1. Sep 8, 2008 #1
    1. The problem statement, all variables and given/known data
    An ingenious bricklayer builds a device for shooting bricks up to the top of the wall where he is working. He places a brick on a verticle compressed spring with force constant k=350N/m and negligible mass. When the spring is released, the brick is propelled upward. If the brick has mass 1.80kg and is to reach a maximum height of 3.6m above the initial position on the compressed spring, what distance must the spring be compressed initially?



    2. Relevant equations
    W=Fs
    Wtotal=Kf-Ki
    Wtotal=0.5kxf2-0.5kxi2


    3. The attempt at a solution
    I set up the problem so that everything moves in the positive y direction. To simplify everything I let the uncompressed spring have a length of d, which is the distance the spring must be compressed to satisfy the height the brick must go. The total work done on the brick is zero so the work done on the brick by the spring must be the negative of the work done by the force of gravity when the brick moves up through the air after losing contact with the spring. The spring is initially compressed so the brick starts at a height of zero; on the ground. Here is the math to figure out the value of d:

    Work done by the spring on the brick
    Wtotal=0.5kd2

    Work done by the force of gravity on the brick
    W=-mg(3.6-d)

    0.5kd2=mg(3.6-d)

    The above equation is a quadratic equation so applying the quadratic formula gives d a value of 0.55m or -0.65. The value of d must be positive so 0.55m is the only answer that makes sense.

    The answer given in my book is that the spring must be compressed by 0.60m. I get that answer too only if I suppose the block has a displacement of 3.6m above the uncompressed spring. The problem states that the displacement the block undergoes is 3.6m above the compressed spring. Am I doing something wrong or is the book just wrong?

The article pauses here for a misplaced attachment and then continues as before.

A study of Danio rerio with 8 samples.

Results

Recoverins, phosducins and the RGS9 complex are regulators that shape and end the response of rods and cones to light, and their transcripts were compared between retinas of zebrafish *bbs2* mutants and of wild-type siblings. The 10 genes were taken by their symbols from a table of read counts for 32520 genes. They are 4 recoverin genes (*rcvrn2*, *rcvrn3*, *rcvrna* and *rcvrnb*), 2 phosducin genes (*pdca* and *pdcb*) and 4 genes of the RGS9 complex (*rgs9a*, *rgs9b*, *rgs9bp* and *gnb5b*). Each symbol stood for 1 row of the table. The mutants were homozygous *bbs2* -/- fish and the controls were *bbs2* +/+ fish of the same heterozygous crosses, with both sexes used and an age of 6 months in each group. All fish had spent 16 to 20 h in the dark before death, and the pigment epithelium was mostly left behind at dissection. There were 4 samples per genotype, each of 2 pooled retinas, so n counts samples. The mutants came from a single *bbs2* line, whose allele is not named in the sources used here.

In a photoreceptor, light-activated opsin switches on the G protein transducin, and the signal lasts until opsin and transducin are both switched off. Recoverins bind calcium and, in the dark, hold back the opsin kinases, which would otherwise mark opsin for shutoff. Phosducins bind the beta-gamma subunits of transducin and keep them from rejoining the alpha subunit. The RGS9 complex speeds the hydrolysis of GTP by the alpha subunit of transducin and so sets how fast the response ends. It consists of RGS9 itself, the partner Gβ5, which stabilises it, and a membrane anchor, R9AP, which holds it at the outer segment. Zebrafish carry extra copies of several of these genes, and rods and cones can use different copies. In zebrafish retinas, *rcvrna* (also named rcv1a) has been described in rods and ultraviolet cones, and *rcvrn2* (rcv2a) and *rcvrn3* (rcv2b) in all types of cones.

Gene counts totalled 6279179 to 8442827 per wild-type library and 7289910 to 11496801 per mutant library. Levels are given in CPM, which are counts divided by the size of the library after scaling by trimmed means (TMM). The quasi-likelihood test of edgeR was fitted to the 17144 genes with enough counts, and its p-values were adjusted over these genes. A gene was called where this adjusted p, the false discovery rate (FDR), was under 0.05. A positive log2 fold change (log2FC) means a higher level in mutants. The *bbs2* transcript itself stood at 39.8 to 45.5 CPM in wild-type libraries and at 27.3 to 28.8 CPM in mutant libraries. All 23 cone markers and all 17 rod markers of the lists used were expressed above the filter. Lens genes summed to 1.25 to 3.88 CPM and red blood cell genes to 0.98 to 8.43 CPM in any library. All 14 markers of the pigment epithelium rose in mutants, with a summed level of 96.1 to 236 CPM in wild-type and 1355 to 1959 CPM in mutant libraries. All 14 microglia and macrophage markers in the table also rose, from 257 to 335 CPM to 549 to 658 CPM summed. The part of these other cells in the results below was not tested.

I hate Young and Freedman
     
  2. jcsd
  3. Sep 8, 2008 #2

    PhanthomJay


    Why do you say that the work done by gravity only occurs after it loses contact with the spring?
     
  4. Sep 8, 2008 #3
    Re: Bricklayer

    It does do work, it is just crappy wording on my part. A better way to have put it is that the majority of the net force on the brick comes from the spring during its contact with it.

    After the brick loses contact with the spring the net force acting on it is only the weight.

    Besides that, it doesn't really answer my question.
     
  5. Sep 9, 2008 #4

    alphysicist


    Hi Dschumanji,

    I believe you misunderstood PhanthomJay's post, because he was pointing out the error in your work. In your equation for the work done by gravity, you are not including the work done by gravity while the brick is in contact with the spring.
     
  6. Sep 9, 2008 #5
    Re: Bricklayer

    I see! I was treating the problem as if compressing a spring horizontally, in which the work done by gravity can be ignored when it decompresses. It must be included here since the spring is compressed vertically and doing work on the brick in the positive y direction.

    Sorry PhanthomJay and thanks for clarification alphysicist! :smile:

    I really need to pay attention more. I also need to appologize to Young and Freedman.